Having a curious mind can have its drawbacks. For me it's a particular nuisance when I'm fishing trying to focus on the task at hand. One minute I'll be casting to a log, intent on retrieving my lure, and before I know it the bait is sitting still while my mind races off reflecting on life's great mysteries.
Like, why are fathead minnows called fatheads? They don't seem unusually fat around the heads to me. Or why aren't spinnerbaits called whirley-gigs? Wouldn't that be catchier? Or why do bass strike at plastic worms?
For the life of me I couldn't figure out why bass would strike at anything remotely similar to a long slimy worm.
To say that bass strike plastic worms because they resemble a natural food source suggests that bass think as humans, that they follow some sort of reasoning which goes something like, "I'm a bass. Bass eat worms. That's a worm. Let's eat!"
But bass don't think like humans. They don't see what we see, hear what we hear, smell what we smell, feel what we feel, much less think what we think. If they reason at all it is highly unlikely they reason as we do. They have their own mental equipment, not ours. So any interpretation of bass behavior should shy away from shrouding bass in human characteristics.
Second, contrary to popular opinion, bass really don't eat worms — at least not very often. It's not that bass wouldn't eat them if given the chance, it's that worms aren't generally available.
Worms and nightcrawlers are terrestrial animals not aquatic ones. For the most part they spend their lives burrowing through the soil. As fairly lousy swimmers they understandably don't make a point of frequenting the local swimming hole. A bass could go through its entire life without ever seeing one.
In a series of tests at the Berkley Fish Research Center we took medium-sized largemouth bass which had been reared in farm ponds using only formulated hatchery feed as food and presented them with soft plastic cylinders. We reasoned that since the fish had never seen natural prey on any sort, if bass lure selection was based largely on past experience, then these naïve bass should not be predisposed to strike one lure more than another. To them, one piece of plastic should be about as good as the other.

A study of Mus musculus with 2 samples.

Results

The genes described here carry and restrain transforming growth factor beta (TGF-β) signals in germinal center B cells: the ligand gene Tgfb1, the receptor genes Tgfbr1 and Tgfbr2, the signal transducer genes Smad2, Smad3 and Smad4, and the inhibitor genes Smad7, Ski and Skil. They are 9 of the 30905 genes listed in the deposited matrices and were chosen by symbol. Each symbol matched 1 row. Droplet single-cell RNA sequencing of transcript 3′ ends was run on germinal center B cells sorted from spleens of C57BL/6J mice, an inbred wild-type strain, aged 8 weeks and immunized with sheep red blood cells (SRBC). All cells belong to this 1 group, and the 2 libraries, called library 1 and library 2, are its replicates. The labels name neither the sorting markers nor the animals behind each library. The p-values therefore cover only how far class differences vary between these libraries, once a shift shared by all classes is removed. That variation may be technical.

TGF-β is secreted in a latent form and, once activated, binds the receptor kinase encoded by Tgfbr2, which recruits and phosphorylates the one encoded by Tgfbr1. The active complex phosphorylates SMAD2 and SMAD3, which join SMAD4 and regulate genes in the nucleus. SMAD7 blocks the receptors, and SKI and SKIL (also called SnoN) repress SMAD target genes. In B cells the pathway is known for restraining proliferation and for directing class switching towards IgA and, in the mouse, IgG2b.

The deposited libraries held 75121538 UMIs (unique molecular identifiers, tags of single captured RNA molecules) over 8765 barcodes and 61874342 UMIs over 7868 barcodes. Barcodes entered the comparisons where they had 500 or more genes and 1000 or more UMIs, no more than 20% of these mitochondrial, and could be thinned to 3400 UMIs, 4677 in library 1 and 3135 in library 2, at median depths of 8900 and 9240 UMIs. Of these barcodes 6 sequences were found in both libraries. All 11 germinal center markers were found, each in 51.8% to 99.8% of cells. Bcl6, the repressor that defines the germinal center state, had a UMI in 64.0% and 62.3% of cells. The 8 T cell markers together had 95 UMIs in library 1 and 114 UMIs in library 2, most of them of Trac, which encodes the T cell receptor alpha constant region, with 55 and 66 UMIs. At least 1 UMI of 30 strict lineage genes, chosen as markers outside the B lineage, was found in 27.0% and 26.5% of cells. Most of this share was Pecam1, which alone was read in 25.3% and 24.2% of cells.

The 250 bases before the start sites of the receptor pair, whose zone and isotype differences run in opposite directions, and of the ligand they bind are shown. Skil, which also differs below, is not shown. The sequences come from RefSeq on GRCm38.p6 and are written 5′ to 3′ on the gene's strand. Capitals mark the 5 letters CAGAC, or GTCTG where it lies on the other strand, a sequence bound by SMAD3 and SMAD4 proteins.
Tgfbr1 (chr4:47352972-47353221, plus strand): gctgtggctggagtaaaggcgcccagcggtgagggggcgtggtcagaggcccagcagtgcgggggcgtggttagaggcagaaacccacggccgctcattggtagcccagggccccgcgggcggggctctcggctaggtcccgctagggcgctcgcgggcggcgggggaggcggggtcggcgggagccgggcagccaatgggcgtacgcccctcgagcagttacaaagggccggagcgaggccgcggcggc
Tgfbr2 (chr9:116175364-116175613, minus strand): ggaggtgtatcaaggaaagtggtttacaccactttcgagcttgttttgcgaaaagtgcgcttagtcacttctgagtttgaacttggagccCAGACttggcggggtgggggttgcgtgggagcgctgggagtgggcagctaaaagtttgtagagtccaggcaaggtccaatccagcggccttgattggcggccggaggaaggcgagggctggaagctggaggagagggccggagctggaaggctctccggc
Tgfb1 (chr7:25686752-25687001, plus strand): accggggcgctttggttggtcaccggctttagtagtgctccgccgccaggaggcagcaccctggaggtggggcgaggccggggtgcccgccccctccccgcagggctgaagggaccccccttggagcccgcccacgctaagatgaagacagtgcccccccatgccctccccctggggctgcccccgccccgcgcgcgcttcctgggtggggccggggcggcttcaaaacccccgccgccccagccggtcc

But the bass didn't see it that way showing very little interest, even when the plastic pieces were tantilizingly close.
However, when the bass were shown long worm-like cylinders the attacks were far more frequent and stronger, regardless of whether the lures were trolled, jigged or whatever.
In other words, the worm-shaped plastic cylinders were ten times more effective than the cubic chunks of plastic, even on bass that had never before seen worms of any sort — real or not.
Relying on worm shapes to release prey-striking behavior makes a lot sense for toads or birds, which in fact eat worms frequently. But for bass it doesn't make much sense at all.
Which brings us back to the original question — why do bass strike at plastic worms? Admittedly, I'm stumped. But I intend on getting back out on the water, making a few casts, and letting my mind drift off to further reflect on life's great mysteries.